Poverty declines in Vancouver, shoots up in the suburbs
Trend shows low income people are being displaced, says urban planner.
“Are these municipalities ready to engage these issues of poverty and really ensure that there’s a level of social and economic mobility happening — as opposed to an entrenched poverty in the suburbs?” said Andy Yan, an urban planner and director of Simon Fraser University’s City Program.
Yan recently compared data from Statistics Canada’s Census 2006 and Census 2016, and found that poverty increased by a huge amount in West Vancouver — home of some of the most expensive real estate in Canada — as well as the UBC Endowment Lands and suburbs like Coquitlam, Langely, Port Moody and Delta.
Poverty levels decreased by seven per cent in Vancouver. Poverty in the Metro Vancouver region increased slightly, from 16.3 per cent in 2005 to 16.5 per cent in 2015. Montreal had the second highest rate in 2005, at 16 per cent, and Toronto has the second highest rate in 2015, at 15.6 per cent.
Economists and data experts have raised questions over the odd correlation between low incomes and very high housing prices in some Metro Vancouver neighbourhoods, especially in West Vancouver, Vancouver’s Westside and Richmond — areas of the city that have become popular with foreign nationals and immigrants who have bought very expensive housing, but do not make their income locally.
Yan acknowledged that the underreporting of global income sources could be part of what’s going on in these statistics. But with seniors’ poverty rising by 57 per cent between 2005 and 2015 in West Vancouver, and concentrated in the small area of the city that offers multi-family housing, it’s likely the numbers do point to a real trend of increasing poverty.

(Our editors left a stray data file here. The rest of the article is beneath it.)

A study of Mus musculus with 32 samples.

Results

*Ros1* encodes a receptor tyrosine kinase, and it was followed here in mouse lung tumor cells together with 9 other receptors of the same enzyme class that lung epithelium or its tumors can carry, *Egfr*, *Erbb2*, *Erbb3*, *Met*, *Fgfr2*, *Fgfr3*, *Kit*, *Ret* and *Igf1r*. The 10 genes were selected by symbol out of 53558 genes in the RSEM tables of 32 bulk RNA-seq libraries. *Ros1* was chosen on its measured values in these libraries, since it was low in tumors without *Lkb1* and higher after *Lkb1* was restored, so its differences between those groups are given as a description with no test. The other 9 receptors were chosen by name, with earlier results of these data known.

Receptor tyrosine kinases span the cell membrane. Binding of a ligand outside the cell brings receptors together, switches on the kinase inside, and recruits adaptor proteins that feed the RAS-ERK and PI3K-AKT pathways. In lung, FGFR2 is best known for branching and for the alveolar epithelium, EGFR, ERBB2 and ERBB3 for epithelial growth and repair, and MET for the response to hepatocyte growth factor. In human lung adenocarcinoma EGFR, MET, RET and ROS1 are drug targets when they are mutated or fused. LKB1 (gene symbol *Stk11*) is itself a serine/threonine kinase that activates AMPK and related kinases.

Yan pointed to several “pockets” of poverty throughout the region: the Downtown Eastside and Strathcona, near downtown Vancouver, won’t surprise anyone. Other areas include the Brighouse area in Richmond, Kingway near Metrotown in Burnaby, and Guildford in Surrey.
Several of those neighbourhoods are under threat: Metrotown’s affordable low-rise apartment buildings are being inexorably replaced by high-rise condos. The Downtown Eastside and Strathcona saw the highest rise in incomes in B.C., according to CBC data journalist Tara Carman, which Yan says likely shows the impact of the new condos that have been built in that neighbourhood.
“It also shows you why people were fighting as hard as they were in Chinatown,” said Yan, referring to recent opposition to a proposed Chinatown condo building that was ultimately rejected by Vancouver city council.
“Where do these people go if not in this community? Because it doesn’t look like they’ll be welcomed in other communities around the region.”
The seven per cent drop in poverty in Vancouver shows, to Yan, that people are being displaced as property prices have risen.
The fact that some of those neighbourhoods are not well-serviced by transit is also a concern for Yan because transportation networks are “a means of getting people out of poverty or mitigating their low-income status.” (In other words, you can’t hold down a job if you have no reliable way to get to work.)
The pressures of Metro Vancouver’s high-price, high-rent, low vacancy rate housing market are having an immediate impact on low-income people in the region.
“The Vancouver housing system is extremely stressed these days and it’s pushing seniors right out of housing and into homelessness,” said Lorraine Copas, executive director of the Social Planning and Research Council of B.C., during a Sept. 27 press conference to discuss data collected during Metro Vancouver’s 2017 homeless count.
The count showed seniors now make up 23 per cent of the region’s homeless, compared to 18 per cent in 2008. Meanwhile, 34 per cent of the region's homeless are aboriginal, while making up just 2.5 per cent of the general population.